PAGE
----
Laurie Byro, Hopeless Romance, Independently published (May 30, 2020), ISBN-13: 979-8649882507 64 pages
Review of Hopeless Romance by Laurie Byro
If Laurie Byro’s new book of poetry was a movie, the list of featured actors scrolling at the end would be fantastic. Ophelia, Perdita, Daphne, Pancho Villa’s widow, Samson, Ezra Pound, Venus, Pablo Neruda, Oscar Wilde, Jim Morrison, the Beatles, Edgar Allan Poe, Allen Ginsberg, Jane Eyre, Boo Radley, Persephone, Alice Liddell, Lewis Carroll, Miranda, Caliban, Bungalow Bill, Eleanor Rigby and Little Richard. What brings all these diverse characters together is love – sensual, unrequited, sibling, forgotten, simple, complex, imagined and often messy.
The flower beds outside the porch are trampled
beneath all the waxing and waning. Another wolf
is huffing at the door. Romance can be a messy
enterprise. – from The Pig’s Wife at Forty
The poems in Hopeless Romance are not easy. With an understanding of literature, mythology, and pop culture, one can dive deeper into the narrative. Yet each poem works on many levels. They encourage the reader to go beyond the poem, to know things.
While I carried each stone away, lifted
the fence that kept you out, I decided
not to be scared to know things.
Sometimes now I toss fallen butterflies
back into the tattered air. — from Miranda and Caliban
Poems in this book are full of love spoken from the lips of others, or interwoven with the poet’s own voice. The poet Matthew Rohrer argues in a recent essay (Literary Hub, April 28, 2020) that all poetry is collaboration. Hopeless Romance is pocked full of these collaborations – ekphrastic, anthropomorphic, personified. The voices speak from folklore, The Three Little Pigs, from literature via Alice and Wonderland, and most often from Shakespeare. The last poems in the book bring characters from Beatle songs back to life. We are taken beyond the song, beyond the page. Here romance is the ultimate collaboration.
I sense the ghost of Bob Dylan in many of these poems, especially the ones addressing love lost. There is plenty of humor in these poems, the weariness of marriage in Pig’s Wife at Forty, and the beat poet Ginsberg flirting with the stock boy in Upon Meeting Allen Ginsberg in a Supermarket in New Jersey. But there is melancholy too in the poem Voyager Gold or in the poem For Art’s Sake where the husband finds a poem about the wife’s affair hidden in old tax returns.
I left nothing from my poem. Sated,
I bundled it up with an old tax return
and put it into a knapsack in the basement
You know the rest. How three years later,
we are audited for some careless error.
How he discovers the old poem and stops
on the cellar steps to read it.”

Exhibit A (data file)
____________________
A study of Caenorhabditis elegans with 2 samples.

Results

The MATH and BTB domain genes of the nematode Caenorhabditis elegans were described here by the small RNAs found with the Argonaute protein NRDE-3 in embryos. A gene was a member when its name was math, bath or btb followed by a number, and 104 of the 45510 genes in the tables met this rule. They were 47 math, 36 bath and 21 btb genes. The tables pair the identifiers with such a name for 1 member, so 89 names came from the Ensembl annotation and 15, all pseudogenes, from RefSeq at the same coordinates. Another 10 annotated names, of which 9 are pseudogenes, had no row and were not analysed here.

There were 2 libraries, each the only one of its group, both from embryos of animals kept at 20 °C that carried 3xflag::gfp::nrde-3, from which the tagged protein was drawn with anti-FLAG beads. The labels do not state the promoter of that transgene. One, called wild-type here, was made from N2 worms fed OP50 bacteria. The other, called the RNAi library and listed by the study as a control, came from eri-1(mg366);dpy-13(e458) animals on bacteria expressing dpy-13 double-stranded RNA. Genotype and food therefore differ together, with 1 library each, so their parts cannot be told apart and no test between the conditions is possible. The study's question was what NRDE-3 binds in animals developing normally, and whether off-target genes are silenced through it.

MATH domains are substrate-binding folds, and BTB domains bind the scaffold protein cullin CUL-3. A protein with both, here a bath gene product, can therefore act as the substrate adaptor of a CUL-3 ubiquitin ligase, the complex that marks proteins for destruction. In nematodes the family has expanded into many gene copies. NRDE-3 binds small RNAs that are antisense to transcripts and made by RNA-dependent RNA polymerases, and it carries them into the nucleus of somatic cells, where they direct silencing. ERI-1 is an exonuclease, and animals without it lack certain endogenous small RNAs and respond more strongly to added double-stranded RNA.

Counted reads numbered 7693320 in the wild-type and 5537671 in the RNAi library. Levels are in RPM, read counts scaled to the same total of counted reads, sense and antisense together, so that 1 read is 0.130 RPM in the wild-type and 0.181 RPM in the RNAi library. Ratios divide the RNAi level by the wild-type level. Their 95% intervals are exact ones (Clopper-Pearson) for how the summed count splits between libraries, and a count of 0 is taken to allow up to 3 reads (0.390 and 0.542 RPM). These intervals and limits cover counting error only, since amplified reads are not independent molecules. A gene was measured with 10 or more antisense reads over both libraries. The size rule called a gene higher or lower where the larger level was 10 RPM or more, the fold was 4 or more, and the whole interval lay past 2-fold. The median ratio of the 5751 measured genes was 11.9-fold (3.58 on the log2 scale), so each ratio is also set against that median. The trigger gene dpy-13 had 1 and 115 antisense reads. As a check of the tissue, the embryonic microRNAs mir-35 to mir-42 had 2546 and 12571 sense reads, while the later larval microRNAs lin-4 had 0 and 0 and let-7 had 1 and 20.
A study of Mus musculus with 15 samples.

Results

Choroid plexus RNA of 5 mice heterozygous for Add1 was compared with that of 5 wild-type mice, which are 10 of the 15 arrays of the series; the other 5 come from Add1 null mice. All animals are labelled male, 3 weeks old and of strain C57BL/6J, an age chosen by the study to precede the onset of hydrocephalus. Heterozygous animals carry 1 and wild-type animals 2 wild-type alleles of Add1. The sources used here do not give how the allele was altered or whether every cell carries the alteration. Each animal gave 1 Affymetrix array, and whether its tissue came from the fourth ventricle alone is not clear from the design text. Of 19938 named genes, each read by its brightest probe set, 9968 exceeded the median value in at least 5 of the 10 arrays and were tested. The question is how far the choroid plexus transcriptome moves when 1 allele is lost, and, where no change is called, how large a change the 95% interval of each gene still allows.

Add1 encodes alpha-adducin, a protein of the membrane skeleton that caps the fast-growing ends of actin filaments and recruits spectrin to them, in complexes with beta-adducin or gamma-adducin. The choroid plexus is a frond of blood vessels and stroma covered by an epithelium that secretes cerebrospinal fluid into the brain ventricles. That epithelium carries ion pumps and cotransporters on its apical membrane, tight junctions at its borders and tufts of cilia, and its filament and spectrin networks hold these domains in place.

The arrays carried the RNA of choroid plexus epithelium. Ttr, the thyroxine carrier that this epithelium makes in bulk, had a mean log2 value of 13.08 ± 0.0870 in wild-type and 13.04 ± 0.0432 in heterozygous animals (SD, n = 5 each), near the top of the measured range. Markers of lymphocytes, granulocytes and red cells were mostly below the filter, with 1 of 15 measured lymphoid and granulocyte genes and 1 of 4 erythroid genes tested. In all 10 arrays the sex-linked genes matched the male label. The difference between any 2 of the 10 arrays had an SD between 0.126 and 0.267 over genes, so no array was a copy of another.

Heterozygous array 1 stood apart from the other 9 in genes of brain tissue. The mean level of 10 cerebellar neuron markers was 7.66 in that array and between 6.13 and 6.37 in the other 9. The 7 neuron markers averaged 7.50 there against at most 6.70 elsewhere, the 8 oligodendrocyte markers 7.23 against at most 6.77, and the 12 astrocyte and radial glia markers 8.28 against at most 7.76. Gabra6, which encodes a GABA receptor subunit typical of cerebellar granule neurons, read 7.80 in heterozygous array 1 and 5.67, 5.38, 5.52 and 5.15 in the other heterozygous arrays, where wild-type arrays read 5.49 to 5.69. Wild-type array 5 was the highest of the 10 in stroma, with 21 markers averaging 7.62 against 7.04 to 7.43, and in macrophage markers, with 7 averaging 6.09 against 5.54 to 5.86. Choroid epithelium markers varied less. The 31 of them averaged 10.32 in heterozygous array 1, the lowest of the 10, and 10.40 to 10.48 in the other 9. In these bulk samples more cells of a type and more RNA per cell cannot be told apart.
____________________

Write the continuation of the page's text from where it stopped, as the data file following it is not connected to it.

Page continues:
I have not been able to describe the sounds
with human words. A fox
whose leg is trapped by steel
teeth, as it gnaws its leg off. — from For Art’s Sake
And nothing is left from the poems in Hopeless Romance. But they are not without hope. The poet knows what she needs to reveal. In the poem Venus and Mary she writes “still every woman has her own story.” This is Bryo’s story written in collaboration with others, featured actors, and collaborating with the self.
I am the last of the romantics: bury me under
the blanket of your boughs, the thick bristles
of solstice fir a bed for me to crawl though
as I did in my former life, the one without you. – from The Wild Fir
Laurie Byro might not be the last of the romantics, but as she proves in Hopeless Romance, she is right up there with the finest.
© Laurie Byro and Jim Zola
Laurie Byro has been facilitating “Circle of Voices” poetry discussion in New Jersey Libraries for over twenty years. Her work has been published widely in University Presses and she has been included in several anthologies. Laurie has won fifty-five InterBoard Poetry Community awards. Laurie has recently received two New Jersey Poet’s Prizes and a Poets & Writers Grant. Laurie is currently Poet in Residence at the West Milford Township Library where “Circle of Voices” continues to meet. She is married to the artist Michael Byro who has graced the covers of her books. Her previous collections of poetry are: Luna: Aldrich Press; Gertrude Stein’s Salon: Blue Horse Press; Wonder: Little Lantern Press; The Bloomsberries: Kelsay Books; La Dogaressa: Cowboy Buddha Press; D’eux and Other Sorrows: Cowboy Buddha Press.
Jim Zola is a poet and photographer living in North Carolina. He works as a children’s librarian at a public library. His photo art can be found all over the internet. His poetry book publications include: One Hundred Bones of Weather (Blue Pitcher Press); What Glorious Possibilities (Aldrich Press); Monday After the End of the World (Kelsay Books); Erasing Cabeza de Vaca (forthcoming from Main Street Rag Press); It’s the Unremarkable That Will Last (forthcoming from Main Street Rag Press).